Saturday, January 25, 2014

Cholesterol, courage, and normal human biases.

Chris Masterjohn, Phd is an interesting young man. I heard him on one of Jimmy Moore's interviews. He has a sharp mind, enthusiasm, and seems willing to listen to all sides. He has an informative website that I'm just starting to get into.  Warning: your preconceptions about cholesterol are very likely wrong. It is an essential molecule, present in every cell membrane in your body, the raw material for many hormones. It is NOT an intrinsically toxic evil substance created by Satan to tempt you to evil delicious tasting foods and then kill you before your time with crushing chest pain.

One of the most important myths Dr. Masterjohn discussed was that people seem to take on faith that industry (food and drug, for example) are terminally biased whereas universities and government are not. 

Bull. What an unbelievably faith based thought this is!

Government subsidizes the corn and soybean industries; therefore they are biased. Government is interested in increasing their control over each of us (if you don't believe this you really are naive.) That's why people put up with all the garbage they have to put up with to get elected! The desire to tell us all what to do for our own good is behind the "food pyramid" which very likely fed the obesity epidemic worldwide and has caused enormous harm.

Governments are also incredibly risk averse in many ways. Our own FDA has been known to delay approval of new drugs and allow Europeans to risk their lives first. Sounded OK to me, until I realized that thousands of Americans won't get needed treatment for several extra years because some FDA dude doesn't want to get blamed for the next Thalidomide. My father's life was turned around thirty years ago by a drug available in Europe and Canada but held up here; he could easily have died.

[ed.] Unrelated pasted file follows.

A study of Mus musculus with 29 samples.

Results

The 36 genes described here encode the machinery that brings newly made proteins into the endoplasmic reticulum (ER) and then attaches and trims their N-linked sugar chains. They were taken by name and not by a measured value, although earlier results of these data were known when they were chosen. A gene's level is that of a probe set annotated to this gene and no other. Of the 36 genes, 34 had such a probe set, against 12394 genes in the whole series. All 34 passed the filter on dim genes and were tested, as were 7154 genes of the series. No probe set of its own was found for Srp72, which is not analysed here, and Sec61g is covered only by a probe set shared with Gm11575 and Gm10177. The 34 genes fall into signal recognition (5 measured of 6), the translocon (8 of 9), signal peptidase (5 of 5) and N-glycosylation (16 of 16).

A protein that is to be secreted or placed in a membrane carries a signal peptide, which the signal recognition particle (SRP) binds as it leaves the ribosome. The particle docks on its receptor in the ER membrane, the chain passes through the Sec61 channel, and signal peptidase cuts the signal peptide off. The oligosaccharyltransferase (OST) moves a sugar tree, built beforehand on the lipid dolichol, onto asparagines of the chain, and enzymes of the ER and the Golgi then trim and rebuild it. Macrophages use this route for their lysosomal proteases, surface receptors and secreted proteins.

Universities increasingly get big dollars from patents from their research and have big donors to satisfy. They are biased. Universities and government funding have done a lot of good, but they also tend to fossilize "conventional wisdom" and, again, risk aversion leads them to not fund things that are "too radical." They want a safe payoff for their investments.  Part of the incredibly sordid and contaminated "global warming" tale has to do with biased grants.  I'm not claiming any expertise in climate science, but having been, years ago, part of a medical research team, anyone who wants to get a grant learns the buzz phrases you must insert into your applications.

In truth we all are biased; I am too (read the above.)  Some biases I know about firsthand include beneficence bias (the desire to do good overwhelms my objectivity) and confirmation bias (I give extra weight to things that confirm my previous opinions.)  Maybe I'll look into biases in an upcoming post!  Could be interesting.  (Wikipedia has a short list of various biases here, a place to start.)

A good place to start with ourselves is, what are my biases?  (NOT "do I have any biases?".  I promise you that you do.)  What are my biases and how do they hamper my life?


  1. David McRaney has an excellent book on cognitive biases called "You Are Not So Smart." I'm reading it now. He shares much of it at his blogs.


  2. If I'm not so smart, am I sure I want to find out?